Black Lives Matter right to take on 'toothless' SIU, longtime activist says

A Toronto activist who marched in the protests that led to the creation of Ontario’s Special Investigations Unit said he’s “ecstatic” that Black Lives Matter is in the streets demanding a review of the police oversight agency.

Kingsley Gilliam and the Black Action Defence Committee pushed for the SIU in the late 1980s

Kingsley Gilliam, a co-founder of the Black Action Defence Committee, said he supports what Black Lives Matter has been protesting for but said the group may need to change its methods in the coming months. (CBC)

A Toronto activist who marched in the protests that led to the creation of Ontario's Special Investigations Unit said he's "ecstatic" that Black Lives Matter is in the streets demanding a review of the police oversight agency.

The Toronto chapter of the Black Lives Matter movement has staged several high-profile protests after Toronto police officers shot and killed Andrew Loku, a black father of five who defied police orders to drop a hammer.

On Monday, the group met with Ontario Premier Kathleen Wynne after dozens of demonstrators walked from police headquarters to Queen's Park calling for changes at the civilian agency.

Black Lives Matter protesters marched from Toronto police headquarters to Queen's Park on April 4. (Makda Ghebreslassie/CBC)
The SIU — which investigates interactions between police and the public that result in serious injury or death or allegations of sexual assault — cleared the officers involved in Loku's shooting of any wrongdoing.

Kingsley Gilliam, one of the founding members of the Black Action Defence Committee (BADC), blasted the SIU as a "toothless tiger" in an interview with CBC News and said it's become a "repository" for retired police officers.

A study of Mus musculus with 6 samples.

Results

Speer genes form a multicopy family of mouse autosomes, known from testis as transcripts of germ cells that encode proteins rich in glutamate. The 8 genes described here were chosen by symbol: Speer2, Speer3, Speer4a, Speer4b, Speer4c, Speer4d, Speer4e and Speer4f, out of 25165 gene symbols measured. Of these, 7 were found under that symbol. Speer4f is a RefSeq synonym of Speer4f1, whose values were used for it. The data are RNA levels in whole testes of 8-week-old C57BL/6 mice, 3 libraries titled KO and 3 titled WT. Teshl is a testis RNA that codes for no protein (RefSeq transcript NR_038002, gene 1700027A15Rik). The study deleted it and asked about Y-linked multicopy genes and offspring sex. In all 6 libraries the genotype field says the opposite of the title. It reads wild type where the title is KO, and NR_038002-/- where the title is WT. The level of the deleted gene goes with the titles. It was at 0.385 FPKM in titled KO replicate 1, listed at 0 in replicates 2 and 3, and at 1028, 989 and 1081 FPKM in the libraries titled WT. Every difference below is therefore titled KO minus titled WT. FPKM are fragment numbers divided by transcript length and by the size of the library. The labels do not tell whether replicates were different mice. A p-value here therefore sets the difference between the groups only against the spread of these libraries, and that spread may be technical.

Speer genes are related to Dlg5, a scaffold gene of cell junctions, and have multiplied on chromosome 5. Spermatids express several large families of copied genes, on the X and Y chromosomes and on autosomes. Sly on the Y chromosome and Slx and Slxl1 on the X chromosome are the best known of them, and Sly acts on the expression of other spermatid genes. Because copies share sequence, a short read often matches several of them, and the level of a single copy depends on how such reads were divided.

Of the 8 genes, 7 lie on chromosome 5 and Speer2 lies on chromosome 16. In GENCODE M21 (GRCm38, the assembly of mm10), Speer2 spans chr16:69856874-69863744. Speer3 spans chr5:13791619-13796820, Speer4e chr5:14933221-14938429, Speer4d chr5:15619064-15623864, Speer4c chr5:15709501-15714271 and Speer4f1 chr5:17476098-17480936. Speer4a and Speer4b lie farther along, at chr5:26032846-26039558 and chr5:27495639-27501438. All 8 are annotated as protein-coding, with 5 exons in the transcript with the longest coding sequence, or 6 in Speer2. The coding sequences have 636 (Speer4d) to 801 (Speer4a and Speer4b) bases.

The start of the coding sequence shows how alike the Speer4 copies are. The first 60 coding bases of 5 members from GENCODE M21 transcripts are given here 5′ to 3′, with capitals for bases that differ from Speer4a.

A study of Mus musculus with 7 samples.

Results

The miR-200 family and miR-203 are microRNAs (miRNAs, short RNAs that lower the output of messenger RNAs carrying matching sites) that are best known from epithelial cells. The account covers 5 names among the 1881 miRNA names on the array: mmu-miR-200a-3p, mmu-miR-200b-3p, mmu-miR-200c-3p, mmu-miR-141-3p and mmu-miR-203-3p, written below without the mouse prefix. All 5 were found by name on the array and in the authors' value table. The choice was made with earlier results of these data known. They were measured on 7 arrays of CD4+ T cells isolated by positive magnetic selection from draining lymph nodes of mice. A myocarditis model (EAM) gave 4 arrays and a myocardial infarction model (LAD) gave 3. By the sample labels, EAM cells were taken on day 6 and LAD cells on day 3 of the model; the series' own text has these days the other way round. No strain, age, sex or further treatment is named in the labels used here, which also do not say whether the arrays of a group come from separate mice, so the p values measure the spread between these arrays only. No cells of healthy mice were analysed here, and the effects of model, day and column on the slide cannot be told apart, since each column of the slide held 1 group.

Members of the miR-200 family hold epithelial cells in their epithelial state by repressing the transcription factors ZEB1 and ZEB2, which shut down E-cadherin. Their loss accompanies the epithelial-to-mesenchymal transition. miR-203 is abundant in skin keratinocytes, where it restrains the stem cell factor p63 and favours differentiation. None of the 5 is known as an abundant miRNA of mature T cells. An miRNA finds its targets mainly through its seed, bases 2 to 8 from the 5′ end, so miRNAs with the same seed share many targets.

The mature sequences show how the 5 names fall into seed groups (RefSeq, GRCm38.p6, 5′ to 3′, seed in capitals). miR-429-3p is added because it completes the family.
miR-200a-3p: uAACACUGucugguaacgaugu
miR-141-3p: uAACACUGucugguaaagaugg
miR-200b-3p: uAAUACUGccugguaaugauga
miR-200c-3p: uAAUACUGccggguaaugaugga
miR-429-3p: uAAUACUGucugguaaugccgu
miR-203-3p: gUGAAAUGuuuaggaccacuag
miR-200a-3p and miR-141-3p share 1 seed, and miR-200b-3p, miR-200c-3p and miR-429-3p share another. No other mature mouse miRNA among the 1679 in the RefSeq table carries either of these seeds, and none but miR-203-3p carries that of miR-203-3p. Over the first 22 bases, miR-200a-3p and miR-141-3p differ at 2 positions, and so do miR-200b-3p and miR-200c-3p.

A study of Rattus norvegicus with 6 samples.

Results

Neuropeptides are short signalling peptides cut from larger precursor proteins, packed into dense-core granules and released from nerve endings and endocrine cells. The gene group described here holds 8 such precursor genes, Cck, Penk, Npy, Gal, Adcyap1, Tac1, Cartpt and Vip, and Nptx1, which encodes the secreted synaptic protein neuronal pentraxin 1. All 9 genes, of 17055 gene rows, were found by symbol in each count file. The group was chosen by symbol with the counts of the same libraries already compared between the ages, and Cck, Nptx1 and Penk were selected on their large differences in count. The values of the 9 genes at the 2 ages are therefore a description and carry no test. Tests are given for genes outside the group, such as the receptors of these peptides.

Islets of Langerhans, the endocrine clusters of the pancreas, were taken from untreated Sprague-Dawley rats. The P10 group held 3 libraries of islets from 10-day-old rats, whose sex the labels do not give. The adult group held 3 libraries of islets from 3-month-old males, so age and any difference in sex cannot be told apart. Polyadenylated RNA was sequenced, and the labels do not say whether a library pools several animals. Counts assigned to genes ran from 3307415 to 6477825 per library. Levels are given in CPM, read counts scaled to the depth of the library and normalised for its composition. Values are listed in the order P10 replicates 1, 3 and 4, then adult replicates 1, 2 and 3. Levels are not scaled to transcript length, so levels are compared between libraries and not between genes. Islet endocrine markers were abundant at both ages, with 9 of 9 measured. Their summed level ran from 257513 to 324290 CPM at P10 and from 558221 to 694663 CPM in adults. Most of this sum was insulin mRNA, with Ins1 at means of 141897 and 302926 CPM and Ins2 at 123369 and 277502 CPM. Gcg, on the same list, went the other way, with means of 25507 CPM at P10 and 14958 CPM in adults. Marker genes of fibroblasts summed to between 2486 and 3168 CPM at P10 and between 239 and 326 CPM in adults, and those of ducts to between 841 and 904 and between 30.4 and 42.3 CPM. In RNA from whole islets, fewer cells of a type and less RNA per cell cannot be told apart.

"We wanted an independent body," he said.

Gilliam helped form BADC in 1988 after the deaths of several black men, including the police killing of Lester Donaldson, a 44-year-old man with mental health problems who lived in a rooming house. The officer in Donaldson's shooting was cleared, but two years later the province formed the SIU.

Gilliam is hopeful Black Lives Matter's protests will create change at the SIU, but said the young, energetic and impatient group may need to change its approach in the coming months as it begins to work with politicians. 

Toronto city council already passed a motion expressing its support for a review of the SIU and Wynne vowed to the protesters that she's willing to work with them on reforms.

But as the premier noted in a back-and-forth with Black Lives Matter leaders on Monday, the group hasn't agreed to a formal meeting yet.

"You must accept invitations to meet. What you do, what we do when we meet with government, we bring community leaders that are seasoned with us to the table and we work," Gilliam said.

When asked what advice he would give Black Lives Matter, Gilliam noted the group already has substantial community support and is excelling at using new tools — like social media — that weren't around during BADC's heyday.

"Keep doing what you're doing, but strategize to get your end game," he said.